What Is Frozen Shoulder?
If you’ve experienced a serious injury to the shoulder, like a rotator cuff tear, you may have been warned about developing adhesive capsulitis, otherwise known as “frozen shoulder”.
This condition gets the name “frozen shoulder” due to the stiffness and pain it causes.
What Is Frozen Shoulder?Frozen shoulder is significant shoulder mobility restriction and pain that develops slowly, and can sometimes last for 1-2 years. It typically develops during long periods of rest (e.g. post-fracture and post-surgery).
The shoulder joint has connective tissue surrounding it. This tissue typically serves to stabilize the ball-and-socket joint of the shoulder, and acts as a support structure. With this condition the connective tissue becomes immobilized and inflamed.
Who Gets Frozen Shoulder?Frozen shoulder affects up to 3% of the US population. Of all the shoulder conditions that cause immobility and pain after the age of 40, adhesive capsulitis is the leader. The major risk factors for developing it include:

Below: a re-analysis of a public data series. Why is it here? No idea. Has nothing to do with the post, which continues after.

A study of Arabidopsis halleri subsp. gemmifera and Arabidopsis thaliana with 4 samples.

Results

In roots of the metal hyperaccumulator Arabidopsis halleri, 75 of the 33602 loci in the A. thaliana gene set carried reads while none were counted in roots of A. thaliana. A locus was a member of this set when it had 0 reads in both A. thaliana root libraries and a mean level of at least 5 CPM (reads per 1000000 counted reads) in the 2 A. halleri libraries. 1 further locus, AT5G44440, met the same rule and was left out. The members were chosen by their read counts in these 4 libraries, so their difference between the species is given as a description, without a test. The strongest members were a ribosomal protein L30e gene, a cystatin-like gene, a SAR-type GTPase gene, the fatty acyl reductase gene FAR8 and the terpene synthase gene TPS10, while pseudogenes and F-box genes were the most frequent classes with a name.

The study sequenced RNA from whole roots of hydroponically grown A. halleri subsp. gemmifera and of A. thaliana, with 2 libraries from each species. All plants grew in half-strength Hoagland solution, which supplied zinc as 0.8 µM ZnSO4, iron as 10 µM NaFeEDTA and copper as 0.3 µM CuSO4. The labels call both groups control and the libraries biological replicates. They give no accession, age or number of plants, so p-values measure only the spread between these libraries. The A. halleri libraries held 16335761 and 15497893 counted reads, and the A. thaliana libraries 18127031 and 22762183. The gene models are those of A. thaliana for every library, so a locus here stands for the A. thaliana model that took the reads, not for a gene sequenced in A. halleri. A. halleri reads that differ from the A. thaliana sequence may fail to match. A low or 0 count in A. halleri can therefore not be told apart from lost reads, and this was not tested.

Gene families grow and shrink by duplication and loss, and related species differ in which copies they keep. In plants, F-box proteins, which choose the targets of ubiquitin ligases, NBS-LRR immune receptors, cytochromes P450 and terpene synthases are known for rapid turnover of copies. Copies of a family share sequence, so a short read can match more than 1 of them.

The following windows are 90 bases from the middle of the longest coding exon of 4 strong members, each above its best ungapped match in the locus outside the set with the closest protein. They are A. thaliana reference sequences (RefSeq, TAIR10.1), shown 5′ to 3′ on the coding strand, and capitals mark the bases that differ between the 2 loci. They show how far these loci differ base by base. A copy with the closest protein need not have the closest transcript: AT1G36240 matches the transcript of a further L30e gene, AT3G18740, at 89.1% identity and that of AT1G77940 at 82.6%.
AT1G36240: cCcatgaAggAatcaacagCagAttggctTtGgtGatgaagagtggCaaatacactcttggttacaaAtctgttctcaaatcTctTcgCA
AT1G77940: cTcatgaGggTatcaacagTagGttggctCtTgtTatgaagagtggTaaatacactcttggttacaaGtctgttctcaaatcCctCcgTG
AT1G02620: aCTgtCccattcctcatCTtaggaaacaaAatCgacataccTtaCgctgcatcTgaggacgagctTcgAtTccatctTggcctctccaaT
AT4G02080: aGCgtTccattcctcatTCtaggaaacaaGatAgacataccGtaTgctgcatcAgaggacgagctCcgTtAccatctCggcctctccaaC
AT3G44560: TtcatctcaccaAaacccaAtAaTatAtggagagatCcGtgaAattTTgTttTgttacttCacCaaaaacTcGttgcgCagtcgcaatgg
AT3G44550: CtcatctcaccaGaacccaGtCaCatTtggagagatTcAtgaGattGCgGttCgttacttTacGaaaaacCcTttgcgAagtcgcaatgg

What Causes Frozen Shoulder?There are two primary causes for frozen shoulder, but the mechanism of development is largely unknown. Primary adhesive capsulitis is idiopathic – pain and immobility gradually develop without any specific cause.
Secondary adhesive capsulitis is associated with systemic issues of the body such as diabetes mellitus, hormone issues, rotator cuff injuries, shoulder injuries, calcific tendinitis, cervical spondylosis, and strokes to name a few.
What Are The Symptoms?The main symptoms of adhesive capsulitis involve movement restriction and pain. There are three stages involving these symptoms:
How Do You Prevent and Manage It?Most cases of adhesive capsulitis develop during long periods of immobility such as healing from a shoulder break, stroke, or a post-surgical rotator cuff tear. For some it will develop without any associated cause. Regardless of cause, once safe, movement will be key.
Maintaining health movement, strength, stability, and facilitating appropriate muscle recovery of the neck-back-shoulder complex is key.
The physical therapy interventions that are most favorable focus on manual therapy, progressive stretching, and myofascial techniques to maintain optimal shoulder movement and strength. This is most important in frozen and thawing stage.
Frozen shoulder is a long road for many, but the right treatment can get you back to moving at your best.